When you buy a new commercial vehicle, you will pay 20% VAT on the purchase price and in most cases this VAT can be reclaimed. This assumes of course, that the motor trader selling you the vehicle is VAT registered.
If you purchase a second-hand commercial vehicle there are three VAT options:
The second-hand dealer is not registered for VAT and therefore, you will not be charged VAT.
The second-hand dealer is registered for VAT and only charges you VAT on the profit he is making on the sale under the VAT margin scheme, in which case you will not be provided with a VAT invoice and you cannot reclaim the VAT charged.
The second-hand dealer is registered for VAT and charges you VAT at 20% on the sale price. In this case you will get a VAT invoice and can reclaim the VAT charged.
Let’s say that Jerry is looking at a second-hand van at his local dealers that has a sales price of £20,000. Primed by his accountant, he asks if the VAT included is calculated under the margin scheme.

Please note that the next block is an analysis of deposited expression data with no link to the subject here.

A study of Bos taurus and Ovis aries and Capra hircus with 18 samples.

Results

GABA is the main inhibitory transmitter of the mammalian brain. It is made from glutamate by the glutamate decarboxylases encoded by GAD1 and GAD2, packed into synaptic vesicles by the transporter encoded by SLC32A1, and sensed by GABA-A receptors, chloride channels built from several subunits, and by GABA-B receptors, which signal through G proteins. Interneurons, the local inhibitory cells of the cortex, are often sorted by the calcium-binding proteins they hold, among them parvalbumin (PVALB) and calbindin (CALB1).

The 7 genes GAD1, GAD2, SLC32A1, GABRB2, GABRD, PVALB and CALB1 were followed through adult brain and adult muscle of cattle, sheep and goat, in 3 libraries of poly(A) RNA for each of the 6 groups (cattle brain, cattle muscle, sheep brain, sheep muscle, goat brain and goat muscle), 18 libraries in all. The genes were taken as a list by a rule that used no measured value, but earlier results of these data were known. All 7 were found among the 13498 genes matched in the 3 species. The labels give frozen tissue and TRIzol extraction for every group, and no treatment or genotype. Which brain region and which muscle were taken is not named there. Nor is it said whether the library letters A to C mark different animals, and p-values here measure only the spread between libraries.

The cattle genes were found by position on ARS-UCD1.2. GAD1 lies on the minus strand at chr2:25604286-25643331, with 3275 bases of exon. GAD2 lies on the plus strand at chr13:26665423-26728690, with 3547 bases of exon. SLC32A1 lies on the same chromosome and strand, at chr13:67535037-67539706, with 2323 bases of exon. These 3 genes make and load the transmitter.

After a hasty conversation with their accounts department, the rather flustered sales person says “yes, it is,” and after more enquiries Jerry is advised that the VAT element is £700. Jerry switches on his phone accesses the calculator, taps in £700 divides by 20 and multiplies by 100. The number £3,500 emerges.
Jerry knows that he cannot recover this £700 and he also knows that the dealer will have to pay the £700 out of his profit margin. Armed with this information, Jerry asks if he can pay outside the margin scheme, and more importantly, could he and dealer split the £700 saved by dropping the sales price to £19,650 plus VAT at 20%.
In this way, the dealer will collect and pay the VAT added of £3,930 and will receive £19,650 for the van instead of £19,300 (£20,000 less the £700 margin scheme VAT).
Jerry will have to pay out £23,580 initially but will be able to claim back the full £3,950 of VAT and will have acquired the van for £19,650 instead of £20,000.
The dealer accepts. A classic win-win outcome.